You read that right. Not Murphy’s. Muprhy’s. Check the Daily Writing Tips blog (in our blogroll) for an excellent piece about it. (Short form: Any post criticizing the grammar, spelling, or mechanics of another post will in itself contain at least one error.)
Check here and here for examples of a corollary to Muprhy’s Law in action. (ETA: The second link takes you to a master list of worksheets. The page is set for auto-download; I have no control over that. The worksheet in question is #5. If you really want to see it, you’ll have to download it. Otherwise, just keep reading for my commentary.)
I call this a corollary to the actual law because what I’m pointing out are errors not in comments, but in teaching aids.These are actual worksheets available for free at the links provided. I downloaded them for use here at home for my daughter, who needs some help with English skills. Imagine my displeasure when, as we were going through the first one, she stopped and said “That doesn’t look right.” I wasn’t displeased with her at all; I was thrilled that she recognized the problem.
No. My displeasure was with the educator who wrote the material and then made it available for others, obviously without having someone proofread it first. (Never, ever proofread your own work. Trust me. You’re too close to it to catch everything. I will freely admit that every time I post here, I wind up coming back in afterward to fix something. It might be only a missing punctuation mark of some kind, but in the words of Roseanne Rosannadanna, “It’s always something.”) For heaven’s sake, people–if you’re putting material out there to teach English skills, make sure the material is error-free before you post it. Otherwise someone like me will find the errors and tell the world (the entire world, do you hear me?) about your ineptitude.
I do not make allowances for one error in this kind of material. There are no excuses. Period. The materials we use to teach our students mechanics, grammar, and spelling must be perfect. Period. (I apply this to all teaching aids, of course, but I’m not qualified to kvetch about physics, or algebra, or ancient Greek, or any number of other subjects. I am qualified to kvetch about grammar, mechanics, spelling, and literature.)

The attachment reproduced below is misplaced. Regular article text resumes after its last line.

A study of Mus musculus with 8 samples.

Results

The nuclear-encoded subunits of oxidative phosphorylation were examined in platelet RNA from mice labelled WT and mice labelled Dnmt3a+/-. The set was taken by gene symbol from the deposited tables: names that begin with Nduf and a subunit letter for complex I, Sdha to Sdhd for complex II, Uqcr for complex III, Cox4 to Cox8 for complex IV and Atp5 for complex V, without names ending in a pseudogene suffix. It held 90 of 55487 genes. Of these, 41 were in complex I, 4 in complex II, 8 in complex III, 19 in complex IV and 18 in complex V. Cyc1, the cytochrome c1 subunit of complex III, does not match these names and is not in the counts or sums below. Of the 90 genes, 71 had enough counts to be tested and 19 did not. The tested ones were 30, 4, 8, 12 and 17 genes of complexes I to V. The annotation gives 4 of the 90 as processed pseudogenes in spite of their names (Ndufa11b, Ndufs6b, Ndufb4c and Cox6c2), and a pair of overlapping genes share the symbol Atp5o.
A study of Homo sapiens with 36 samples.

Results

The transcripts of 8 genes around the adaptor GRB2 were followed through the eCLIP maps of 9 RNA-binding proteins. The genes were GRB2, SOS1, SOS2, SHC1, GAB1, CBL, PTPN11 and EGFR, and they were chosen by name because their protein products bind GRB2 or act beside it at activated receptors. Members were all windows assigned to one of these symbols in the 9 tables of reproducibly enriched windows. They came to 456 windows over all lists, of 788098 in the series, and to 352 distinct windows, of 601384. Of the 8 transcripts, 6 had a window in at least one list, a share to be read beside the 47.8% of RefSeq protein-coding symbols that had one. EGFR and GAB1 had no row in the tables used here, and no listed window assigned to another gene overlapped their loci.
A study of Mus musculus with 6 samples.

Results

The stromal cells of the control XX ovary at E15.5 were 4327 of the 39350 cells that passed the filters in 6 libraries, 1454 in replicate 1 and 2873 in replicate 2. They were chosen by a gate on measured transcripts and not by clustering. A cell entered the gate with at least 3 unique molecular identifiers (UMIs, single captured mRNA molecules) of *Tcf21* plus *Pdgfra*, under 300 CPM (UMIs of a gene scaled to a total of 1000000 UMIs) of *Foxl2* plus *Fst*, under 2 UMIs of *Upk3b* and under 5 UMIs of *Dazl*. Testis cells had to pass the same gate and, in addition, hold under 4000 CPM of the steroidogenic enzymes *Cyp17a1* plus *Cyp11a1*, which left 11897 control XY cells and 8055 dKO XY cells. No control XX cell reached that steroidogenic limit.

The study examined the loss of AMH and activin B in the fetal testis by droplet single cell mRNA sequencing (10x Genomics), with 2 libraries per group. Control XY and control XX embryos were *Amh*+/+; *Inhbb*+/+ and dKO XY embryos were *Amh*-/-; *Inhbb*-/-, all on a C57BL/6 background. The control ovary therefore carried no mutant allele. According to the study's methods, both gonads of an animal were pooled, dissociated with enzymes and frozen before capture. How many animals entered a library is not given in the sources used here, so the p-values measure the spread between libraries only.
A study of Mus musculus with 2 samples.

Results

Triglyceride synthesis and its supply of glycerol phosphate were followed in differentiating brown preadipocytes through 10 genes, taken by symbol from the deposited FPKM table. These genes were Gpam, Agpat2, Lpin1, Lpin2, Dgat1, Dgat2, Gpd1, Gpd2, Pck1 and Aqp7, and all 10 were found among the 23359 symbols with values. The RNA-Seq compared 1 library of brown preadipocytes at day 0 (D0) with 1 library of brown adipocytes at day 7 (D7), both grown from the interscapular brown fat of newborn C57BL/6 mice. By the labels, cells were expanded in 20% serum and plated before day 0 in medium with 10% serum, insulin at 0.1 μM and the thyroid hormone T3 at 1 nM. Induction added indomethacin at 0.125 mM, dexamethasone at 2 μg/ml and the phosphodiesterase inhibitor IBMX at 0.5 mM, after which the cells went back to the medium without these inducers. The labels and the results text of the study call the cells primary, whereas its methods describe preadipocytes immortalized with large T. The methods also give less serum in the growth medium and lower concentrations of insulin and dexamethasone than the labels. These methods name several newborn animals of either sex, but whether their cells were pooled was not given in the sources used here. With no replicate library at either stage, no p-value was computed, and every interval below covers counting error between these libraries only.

The second problem is clearly circular. (ETA: The vocabulary word is “perpetuate.” The third option for a definition is “to perpetuate.” Duh.) Someone didn’t change the entry for answer #3, question #10, to a definition of the word in question; the word was just left there. While some might be tempted to make that a “gimme,” I’m not one of them. The problem is, once the error’s corrected it becomes a gimme anyway–because now the correct answer is handwritten on the page.
Yes, I was a language arts teacher for junior high students. Yes, I’m still a substitute teacher who prefers language arts and literature classes to all others, and junior high or older students to younger ones. (I was certified 6-12, so I never had classroom experience with the little ones.) And we all know I’m still a copy editor and proofreader. This stuff is in my blood.
I can’t help it, I was born this way . . .
2 thoughts on “Muprhy’s Law in action”
Agreed x 1,000! Over the years, my kids have brought home loads of worksheets and assignments that are riddled with errors introduced by the people who created the materials. There are some teachers who seem barely able to write a string of coherent sentences and who clearly don’t proofread their materials (or don’t care enough to go back and fix mistakes).
By the way, your first link (with the “breathe” problem) works, but the second goes to a page of worksheet links, not to a specific worksheet, so I couldn’t find the item you described.
Also, I have other problems with some of the sample sentences in that first worksheet. For example, who the heck came up with “Send me your email address tomorrow with Mary”?
Oops. Sorry about that. It’s worksheet #5. Whoever coded that page set it up so that as soon as you click on a specific worksheet, it auto-downloads. I’ll go back and tweak the original entry to reflect that.
And yeah–some of those sentences are pretty clearly written by the seat of someone’s pants, without a lot of thought for common usage. I have that complaint about many examples in grammar books and on worksheets, actually.